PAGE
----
E Balancing Of Bonds Against Stocks

It has been said that the economy is one dog with two owners, the government and the central bank. The problem for the dog is which one has the best treats and which one has the leash.

In the last 10 years it’s been the FOMC to lean on, now it’s the US President. For markets, it’s the balancing of bonds against stocks.The cost of money matters as it sets the value of future cash flows, puts a number on growth potential and solves for the base case for profits. We had a one dog market last week as the bond market rout drove down equity prices, put fear in credit and lifted the USD back higher despite doubts about the US trade and fiscal policy.

US 10-year yields touched 3.25% back to 2011 highs. If the last week brought expectations for US economic outperformance with unemployment at 39-year lows and Services ISM at a record, then the next week brings a return of China/US trade worries and US C/A doubts with a $230 billion deluge of debt sales. The dogged equation of higher real growth means higher real rates hits globally.

The reality check next week will be US CPI along with more reactions from Fed speakers. Rates are the dog that wag the tail of the economy after the bone of price increases change the business cycle. Whether the Fed is ahead or behind the curve becomes the likely new obsession which won’t mix well with the threat of a prolonged trade war with China, rising doubts about EU politics and jitters about higher energy prices into winter. The problem in the week and month ahead may be best described by the removal of the central banker’s accommodative policy that intrinsically supports risk-taking.

The chart of returns (from Bloomberg using SocGen CTA index and the S&P Risk Parity 10% vol for risk-parity programs) makes this clear with the January turnaround fully reversed into October but recently and perhaps most troublingly, unwinding last week. There is no Powell S&P 500 put. As for the CTA models in markets, the run-up in oil, USD and rates has helped trend followers regain some ground but they remain well off the January highs. Perhaps the only safe bet is that volatility will follow as systematic approaches to trading face a Fed less inclined to trust their models.

What Happened over the Weekend? 

Kavanaugh wins a seat on the US Supreme Court, China PBOC cuts the reserve ratio for the fourth time this year, Brazil elections start with 147 million choosing their next leader, elections also being held in Bosnia and Cameroon along with a referendum on same-sex marriage in Romania. US Secretary of State Pompeo and North Korea Leader Kim agree to a second US-North Korea summit as soon as possible.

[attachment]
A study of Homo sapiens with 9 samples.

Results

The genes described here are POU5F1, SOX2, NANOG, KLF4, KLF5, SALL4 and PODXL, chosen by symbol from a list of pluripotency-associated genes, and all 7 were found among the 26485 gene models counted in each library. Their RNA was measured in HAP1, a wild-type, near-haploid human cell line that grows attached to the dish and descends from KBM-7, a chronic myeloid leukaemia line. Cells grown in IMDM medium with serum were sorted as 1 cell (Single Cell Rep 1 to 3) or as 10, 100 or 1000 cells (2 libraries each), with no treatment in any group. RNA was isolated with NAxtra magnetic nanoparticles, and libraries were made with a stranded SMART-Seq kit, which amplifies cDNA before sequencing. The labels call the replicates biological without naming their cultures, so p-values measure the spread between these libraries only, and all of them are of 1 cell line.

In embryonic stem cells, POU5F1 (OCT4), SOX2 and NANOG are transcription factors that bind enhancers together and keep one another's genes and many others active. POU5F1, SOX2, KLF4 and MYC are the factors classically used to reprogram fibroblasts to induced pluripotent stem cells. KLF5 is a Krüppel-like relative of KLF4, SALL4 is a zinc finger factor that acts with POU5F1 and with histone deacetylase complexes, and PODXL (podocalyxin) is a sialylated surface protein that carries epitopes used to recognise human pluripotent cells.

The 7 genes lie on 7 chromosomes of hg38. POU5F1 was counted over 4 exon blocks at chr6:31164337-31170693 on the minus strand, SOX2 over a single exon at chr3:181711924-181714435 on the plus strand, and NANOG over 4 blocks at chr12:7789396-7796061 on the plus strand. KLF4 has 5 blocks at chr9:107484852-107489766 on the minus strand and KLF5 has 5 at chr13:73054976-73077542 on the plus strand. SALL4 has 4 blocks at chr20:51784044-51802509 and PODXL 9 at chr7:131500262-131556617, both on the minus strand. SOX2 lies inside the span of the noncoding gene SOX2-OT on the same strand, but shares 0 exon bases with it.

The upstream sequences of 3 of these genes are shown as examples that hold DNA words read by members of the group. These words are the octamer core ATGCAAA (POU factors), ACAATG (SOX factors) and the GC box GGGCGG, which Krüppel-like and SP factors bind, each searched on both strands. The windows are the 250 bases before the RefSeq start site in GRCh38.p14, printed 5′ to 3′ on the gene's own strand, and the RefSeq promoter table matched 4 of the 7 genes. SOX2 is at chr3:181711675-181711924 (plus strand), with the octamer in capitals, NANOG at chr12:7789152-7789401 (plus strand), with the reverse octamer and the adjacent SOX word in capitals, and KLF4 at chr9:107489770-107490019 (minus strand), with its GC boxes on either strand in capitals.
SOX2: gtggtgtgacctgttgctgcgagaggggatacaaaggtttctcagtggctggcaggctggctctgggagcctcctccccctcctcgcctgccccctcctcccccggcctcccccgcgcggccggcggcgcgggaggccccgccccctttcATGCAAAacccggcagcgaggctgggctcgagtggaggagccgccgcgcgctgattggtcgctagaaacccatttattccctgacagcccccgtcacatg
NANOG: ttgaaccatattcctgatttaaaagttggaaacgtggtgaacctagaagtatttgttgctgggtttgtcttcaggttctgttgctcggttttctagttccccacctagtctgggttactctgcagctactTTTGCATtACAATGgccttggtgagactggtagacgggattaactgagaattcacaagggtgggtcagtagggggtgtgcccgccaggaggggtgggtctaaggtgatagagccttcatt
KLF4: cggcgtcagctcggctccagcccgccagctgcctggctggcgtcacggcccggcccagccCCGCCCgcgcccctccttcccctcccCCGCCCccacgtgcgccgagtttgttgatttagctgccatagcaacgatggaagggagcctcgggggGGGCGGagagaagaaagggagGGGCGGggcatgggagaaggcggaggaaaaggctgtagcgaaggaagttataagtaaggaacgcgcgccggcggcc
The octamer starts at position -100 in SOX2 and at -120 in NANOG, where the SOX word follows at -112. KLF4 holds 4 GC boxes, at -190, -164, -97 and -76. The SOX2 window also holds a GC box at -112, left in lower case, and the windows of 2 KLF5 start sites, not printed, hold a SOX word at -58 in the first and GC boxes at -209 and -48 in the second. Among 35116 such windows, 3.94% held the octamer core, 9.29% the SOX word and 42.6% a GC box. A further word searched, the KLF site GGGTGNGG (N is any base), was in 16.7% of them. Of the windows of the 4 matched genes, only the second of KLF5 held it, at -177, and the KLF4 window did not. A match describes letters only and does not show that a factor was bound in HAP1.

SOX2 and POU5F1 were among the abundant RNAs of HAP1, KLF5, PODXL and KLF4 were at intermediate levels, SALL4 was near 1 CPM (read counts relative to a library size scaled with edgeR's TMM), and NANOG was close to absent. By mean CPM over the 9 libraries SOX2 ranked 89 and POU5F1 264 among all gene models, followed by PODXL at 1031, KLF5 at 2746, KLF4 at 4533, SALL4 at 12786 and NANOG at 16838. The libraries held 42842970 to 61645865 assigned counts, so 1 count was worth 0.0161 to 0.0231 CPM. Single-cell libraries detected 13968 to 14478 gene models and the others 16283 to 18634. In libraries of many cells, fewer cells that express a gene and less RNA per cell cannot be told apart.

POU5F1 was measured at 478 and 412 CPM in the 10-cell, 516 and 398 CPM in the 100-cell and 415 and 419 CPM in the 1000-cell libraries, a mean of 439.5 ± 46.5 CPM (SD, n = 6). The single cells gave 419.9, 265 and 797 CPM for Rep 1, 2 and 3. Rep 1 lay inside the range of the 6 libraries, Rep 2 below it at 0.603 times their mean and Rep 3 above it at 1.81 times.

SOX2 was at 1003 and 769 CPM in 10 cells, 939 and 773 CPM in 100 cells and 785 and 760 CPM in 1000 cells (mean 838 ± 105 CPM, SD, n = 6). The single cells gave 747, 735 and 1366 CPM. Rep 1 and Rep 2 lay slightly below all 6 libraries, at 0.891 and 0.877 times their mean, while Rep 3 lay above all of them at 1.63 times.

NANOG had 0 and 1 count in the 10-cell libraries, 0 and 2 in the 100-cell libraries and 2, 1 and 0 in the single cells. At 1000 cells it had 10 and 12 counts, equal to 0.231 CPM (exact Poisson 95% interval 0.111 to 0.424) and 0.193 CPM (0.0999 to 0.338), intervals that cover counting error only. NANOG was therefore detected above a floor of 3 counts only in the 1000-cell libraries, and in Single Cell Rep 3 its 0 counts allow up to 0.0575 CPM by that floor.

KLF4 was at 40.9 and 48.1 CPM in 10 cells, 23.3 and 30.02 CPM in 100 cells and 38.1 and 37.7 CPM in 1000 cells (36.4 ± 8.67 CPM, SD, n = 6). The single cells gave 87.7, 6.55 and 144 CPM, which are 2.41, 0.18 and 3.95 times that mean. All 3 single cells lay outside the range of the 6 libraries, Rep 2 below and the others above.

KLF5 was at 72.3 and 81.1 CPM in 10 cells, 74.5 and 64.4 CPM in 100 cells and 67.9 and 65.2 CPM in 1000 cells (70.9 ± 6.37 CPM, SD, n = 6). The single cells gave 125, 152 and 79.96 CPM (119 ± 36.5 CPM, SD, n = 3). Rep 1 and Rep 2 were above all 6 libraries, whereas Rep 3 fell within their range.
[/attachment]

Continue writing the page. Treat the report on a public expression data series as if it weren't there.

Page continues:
Risk of 3.60 in BRL after election

  • Polls suggest Bolsonaro over Haddad but run-off likely. The polls put far-right Bolsonaro a 15% lead over his closest rival, the Workers’ Party (PT) candidate Fernando Haddad, with about 40% of intended votes – not enough to prevent a run-off on 28 October.

  • China PBOC cuts the reserve ratio for some banks by 1% effective Oct 15. The cut releases CNY1.2 trillion of liquidity with CNY450 billion in MLF coming due offsetting some of the easing. The move puts the RRR at 14.5% for large banks and 12.5% for smaller ones. This follows the April similar 1% move. The central bank said on Sunday it would continue to take necessary measures to stabilize market expectations, while maintaining a prudent and neutral monetary policy. The PBOC would "maintain reasonably ample liquidity to drive the reasonable growth of monetary credit and social financing scale," it said.

Question for the Week Ahead: Did QE and negative interest rates work?

Ten years after Lehman and investors are still concerned about a liquidity trap. The US FOMC, by removing its accommodation and unwinding the balance sheet bloated by bond buying, is the exception, not the rule for global central banks. The next year will be a crucial test of whether QE and negative rates can be unwound without a divisive crisis. he success in the US and other QE policy has been clouded by the rise of populist policies – some of which have been blamed on the plans intent to inflate risky assets. While this all sounds logical, the success of such policy in keeping people working and economies growing shouldn’t be lost and the costs of doing nothing would have led to much more painful politics. The IMF released its reckoning of the policies 10 years on and its required reading for all investors fearful of its removal. 

The crisis resolution included fiscal spending – notably in China and other EM – and bank bailouts – notably in EU and US. The relationship of global banks to supporting EM changed after the crisis and that remains a significant question about trade and growth. The rise of China and its belt-road initiative and lending to frontier and EM nations followed. Many would suggest that a China slowdown induced by a prolonged US trade war will continue to hamper EM recoveries regardless of their FX devaluations. 

The lessons for the next crisis maybe about fixing the banks faster as the chapter spells out. The logical responses for China and perhaps India in the months ahead could be important to their own present shocks.